Inaugural Chocolate Class—A Sweet Place to be

November 8, 2023


Photo by Scott Gerdes
Culinary Arts Bean to Bar instructor and co-owner of Chokolá Bean to Bar Debi Vincent (far left) praises her students' chocolate goodies during their final presentation held on Nov. 7 at Chokolá in Taos.

Hands down, chocolate is a favorite human indulgence. Its sweet comfort, alluring texture and aroma, and simple to fantastic concoctions have created smiles for centuries. 

On Nov. 7 at Chokolá Bean to Bar in Taos, 11 UNM-Taos Culinary Arts students showed what they learned about making chocolate treats in instructor and Chokolá co-owner Debi Vincent's inaugural Bean to Bar class. 

Proudly presented on a table in the center of the customer area of the store were creations born from the mind of each student, such as mango and coconut bon bons. A goat milk chocolate cheesecake. White chocolate confections with fruit. Chocolate entremets. Palmiers dipped in chocolate. Eclairs. Chocolate crepes. Red chile and piñon biscotti dipped in chocolate. And Jeans Pineda’s goat milk chocolate bark with chicarrón and Szechuan peppercorn that he described as having “crazy stuff in there.” 

The new course, however, didn’t begin with melting and forming the main ingredient—chocolate. It began with the steps the folks at Chokolá take. “What’s behind all of the goodies is hard labor,” Vincent said. 

Their work started with sorting the cacao beans, roasting them, stone grinding them, tempering (heating the chocolate to an average of about 110 degrees), and then molding the finished product. The classes were held in Chokolá’s Taos factory.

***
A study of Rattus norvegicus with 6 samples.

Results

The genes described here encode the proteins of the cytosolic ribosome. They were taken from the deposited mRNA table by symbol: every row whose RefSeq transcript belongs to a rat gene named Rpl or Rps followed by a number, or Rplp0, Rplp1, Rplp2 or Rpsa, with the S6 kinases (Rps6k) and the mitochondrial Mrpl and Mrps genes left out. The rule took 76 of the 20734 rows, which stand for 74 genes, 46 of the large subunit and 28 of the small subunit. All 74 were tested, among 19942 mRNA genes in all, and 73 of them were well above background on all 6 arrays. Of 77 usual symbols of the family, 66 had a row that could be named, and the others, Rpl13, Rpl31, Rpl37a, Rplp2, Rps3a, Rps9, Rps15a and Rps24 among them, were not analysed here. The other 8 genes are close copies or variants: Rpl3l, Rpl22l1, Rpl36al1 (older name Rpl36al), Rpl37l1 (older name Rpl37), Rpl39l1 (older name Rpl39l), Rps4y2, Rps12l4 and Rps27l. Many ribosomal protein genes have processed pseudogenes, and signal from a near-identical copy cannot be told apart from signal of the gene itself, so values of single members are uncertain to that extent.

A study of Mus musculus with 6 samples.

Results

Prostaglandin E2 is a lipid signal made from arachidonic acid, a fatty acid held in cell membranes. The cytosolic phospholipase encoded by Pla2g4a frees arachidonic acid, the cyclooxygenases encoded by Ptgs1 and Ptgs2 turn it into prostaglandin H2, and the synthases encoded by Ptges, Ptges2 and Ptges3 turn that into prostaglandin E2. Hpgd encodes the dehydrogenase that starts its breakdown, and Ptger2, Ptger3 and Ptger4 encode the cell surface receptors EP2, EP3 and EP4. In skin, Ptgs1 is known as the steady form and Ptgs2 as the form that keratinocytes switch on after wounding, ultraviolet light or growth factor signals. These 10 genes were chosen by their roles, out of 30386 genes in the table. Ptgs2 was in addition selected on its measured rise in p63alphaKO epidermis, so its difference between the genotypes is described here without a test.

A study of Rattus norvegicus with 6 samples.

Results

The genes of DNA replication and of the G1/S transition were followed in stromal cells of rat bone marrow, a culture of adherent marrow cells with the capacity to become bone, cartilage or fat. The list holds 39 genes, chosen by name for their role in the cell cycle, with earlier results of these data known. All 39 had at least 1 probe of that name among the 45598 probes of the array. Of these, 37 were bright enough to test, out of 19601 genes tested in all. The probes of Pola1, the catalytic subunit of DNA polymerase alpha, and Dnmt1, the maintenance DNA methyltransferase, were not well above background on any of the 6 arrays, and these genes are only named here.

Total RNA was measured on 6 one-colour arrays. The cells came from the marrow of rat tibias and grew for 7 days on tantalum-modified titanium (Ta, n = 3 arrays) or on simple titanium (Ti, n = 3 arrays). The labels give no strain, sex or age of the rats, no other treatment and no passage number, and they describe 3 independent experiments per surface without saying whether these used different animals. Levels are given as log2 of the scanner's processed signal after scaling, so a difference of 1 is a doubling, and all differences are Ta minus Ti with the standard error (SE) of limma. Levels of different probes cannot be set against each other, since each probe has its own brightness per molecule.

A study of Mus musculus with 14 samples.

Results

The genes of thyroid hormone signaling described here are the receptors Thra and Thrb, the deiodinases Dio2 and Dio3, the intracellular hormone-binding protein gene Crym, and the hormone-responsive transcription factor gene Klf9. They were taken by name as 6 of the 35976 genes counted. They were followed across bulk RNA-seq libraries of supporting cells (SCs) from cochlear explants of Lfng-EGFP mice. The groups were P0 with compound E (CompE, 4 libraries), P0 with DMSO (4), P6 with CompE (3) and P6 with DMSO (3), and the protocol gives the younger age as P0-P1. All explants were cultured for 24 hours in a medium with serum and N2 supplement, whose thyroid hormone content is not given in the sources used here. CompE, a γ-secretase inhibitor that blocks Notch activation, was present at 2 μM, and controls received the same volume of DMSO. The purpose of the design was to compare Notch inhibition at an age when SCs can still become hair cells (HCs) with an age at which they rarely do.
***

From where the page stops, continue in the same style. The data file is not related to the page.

It may have been laborious, but when asked if the class was fun and educational, in unison they all replied, “Very.”

“I can appreciate chocolate more than it just being good,” said Nanette Romero, who is seeking a degree in Culinary Arts. 

Another Culinary Arts degree-seeking student, Ruben Salazar, added, “It’s better to know how to do a lot of things right. That opens more doors.” 

Vincent was full onboard when UNM-Taos reached out to her about the possibility of offering a chocolate bean to bar course within the Culinary Arts program. She went so far as to say this type of class is “cutting edge.” 

“There are very few people in the world who know how chocolate becomes chocolate,” she expressed. “There are few school programs in the U.S. or around the world that offer to teach people how to do this; to learn something so special. I’m proud of UNM-Taos for being progressive.” 

Vincent said the bean-to-bar movement started in the U.S., following specialty coffee. This way of making chocolate is also becoming more popular in Europe, she added, as are the fair trade and organic aspects of bean to bar.

This was Vincent’s first time teaching, although she’s thought about it over the years. She’s been making chocolate for 19 years, and said her work saved her life because it gave her “a reason to live.” 

“I’ve always wanted to teach,” she said. “It’s more interesting than the business side of things and it inspires my creativity as well.” 

The success of, interest in, and joy from the Bean to Bar class means it will be offered again—possibly this coming spring or summer—announced UNM-Taos Administrator Cathy Brandenburg.



Culinary Arts student Alejandro Vigil finishes up his chocolate crepes with assistance from
fellow Culinary Arts student and instructor Gretchen Brockfeld.


A portion of the beautifully crafted sweets created by the Bean to Bar students.